WASHINGTON, D.C. (KXAN) — The Centers for Disease Control and Prevention confirmed Tuesday that the U.S. only has five confirmed cases of the Novel Coronavirus, while there are more than 4,500 in China.
That information came during a lengthy press conference with Health and Human Services Secretary Alex Azar and several CDC officials, including the agency’s director, Dr. Robert Redfield.
“Americans should know that this is potentially a very serious public health threat,
but at this point Americans should not worry for their own safety,” Azar said during his remarks. “This is a very fast-moving, constantly-changing situation.”
Azar may have tried to calm people’s fears about the risk of infection, but he reiterated the federal government could take further steps to protect people if the situation worsens. That may include additional travel restrictions.
“Late on Monday, the CDC and the State Department issued a level three travel advisory for all of China,” Azar said. “This higher level of alert means that Americans should reconsider or postpone travel to any part of China.”
He said the State Department, however, has a level four travel warning to Hubei province in China, where experts say the Coronavirus outbreak originated. This warning means that no Americans should travel there.
Dr. Redfield said Tuesday that the CDC decided to reassess its entry strategy by expanding the screening of travelers from five airports originally to 20 in the U.S.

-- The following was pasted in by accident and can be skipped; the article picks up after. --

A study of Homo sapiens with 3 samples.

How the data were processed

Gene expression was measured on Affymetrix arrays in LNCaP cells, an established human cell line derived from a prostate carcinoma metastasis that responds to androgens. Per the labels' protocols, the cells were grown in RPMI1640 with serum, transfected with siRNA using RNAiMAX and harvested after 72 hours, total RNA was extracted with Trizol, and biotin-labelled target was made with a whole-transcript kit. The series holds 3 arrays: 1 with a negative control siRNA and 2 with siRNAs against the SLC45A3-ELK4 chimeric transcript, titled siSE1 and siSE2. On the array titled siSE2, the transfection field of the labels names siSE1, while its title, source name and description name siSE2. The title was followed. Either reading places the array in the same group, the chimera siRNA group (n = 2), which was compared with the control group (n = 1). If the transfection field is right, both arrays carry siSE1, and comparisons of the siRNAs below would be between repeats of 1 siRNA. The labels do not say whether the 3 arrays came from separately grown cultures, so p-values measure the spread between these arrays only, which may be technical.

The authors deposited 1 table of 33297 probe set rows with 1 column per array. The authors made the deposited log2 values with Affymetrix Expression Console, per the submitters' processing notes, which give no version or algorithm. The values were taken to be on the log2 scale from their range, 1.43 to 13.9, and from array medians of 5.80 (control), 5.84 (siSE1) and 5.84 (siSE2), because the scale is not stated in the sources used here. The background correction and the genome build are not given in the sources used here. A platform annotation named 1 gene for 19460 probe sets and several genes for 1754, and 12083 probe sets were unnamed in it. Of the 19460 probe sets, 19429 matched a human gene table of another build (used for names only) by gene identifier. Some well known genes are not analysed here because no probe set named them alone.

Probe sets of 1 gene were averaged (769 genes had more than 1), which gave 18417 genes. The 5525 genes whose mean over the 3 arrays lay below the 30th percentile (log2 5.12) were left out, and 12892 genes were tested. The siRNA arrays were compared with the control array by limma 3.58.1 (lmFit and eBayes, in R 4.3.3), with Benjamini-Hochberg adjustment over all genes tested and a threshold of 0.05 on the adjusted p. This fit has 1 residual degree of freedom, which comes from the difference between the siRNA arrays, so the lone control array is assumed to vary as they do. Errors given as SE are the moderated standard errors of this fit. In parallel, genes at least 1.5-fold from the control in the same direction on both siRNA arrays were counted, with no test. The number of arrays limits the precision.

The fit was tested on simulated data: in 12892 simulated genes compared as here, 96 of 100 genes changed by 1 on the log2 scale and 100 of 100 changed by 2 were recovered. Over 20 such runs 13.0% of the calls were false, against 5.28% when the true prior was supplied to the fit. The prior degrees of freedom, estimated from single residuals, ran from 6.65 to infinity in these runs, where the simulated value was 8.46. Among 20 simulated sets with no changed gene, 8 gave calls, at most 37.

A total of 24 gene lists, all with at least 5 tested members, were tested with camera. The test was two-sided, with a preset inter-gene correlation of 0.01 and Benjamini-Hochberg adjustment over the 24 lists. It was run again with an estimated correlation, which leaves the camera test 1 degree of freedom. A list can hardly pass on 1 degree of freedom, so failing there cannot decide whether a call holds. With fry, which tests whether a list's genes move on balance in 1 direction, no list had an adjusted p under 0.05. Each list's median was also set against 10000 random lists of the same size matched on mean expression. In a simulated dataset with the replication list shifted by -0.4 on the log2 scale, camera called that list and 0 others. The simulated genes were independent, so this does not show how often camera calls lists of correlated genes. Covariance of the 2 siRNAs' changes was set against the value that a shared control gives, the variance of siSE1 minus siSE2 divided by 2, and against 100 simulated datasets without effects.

“Right now there is no spread of this virus in our communities here at home. This is why our current assessment is that the immediate health risk of this new virus to the general public is low in our nation,” Dr. Redfield said. “The coming days and weeks are likely to bring more confirmed cases here and around the world, including the possibility of some person-to-person spread, but our goal of the ongoing U.S. public health response is to contain this outbreak and prevent sustained spread of the virus in our country.”
When asked if Americans should consider wearing masks, Azar said that preventative step is “unnecessary” at this time.
“In the United States, the risk to any individual American is extremely low,” he said. “We are taking the steps to be prepared for this. We are taking aggressive action, but the individual American, this should not be an impact to their day-to-day life. That would be an unnecessary step.”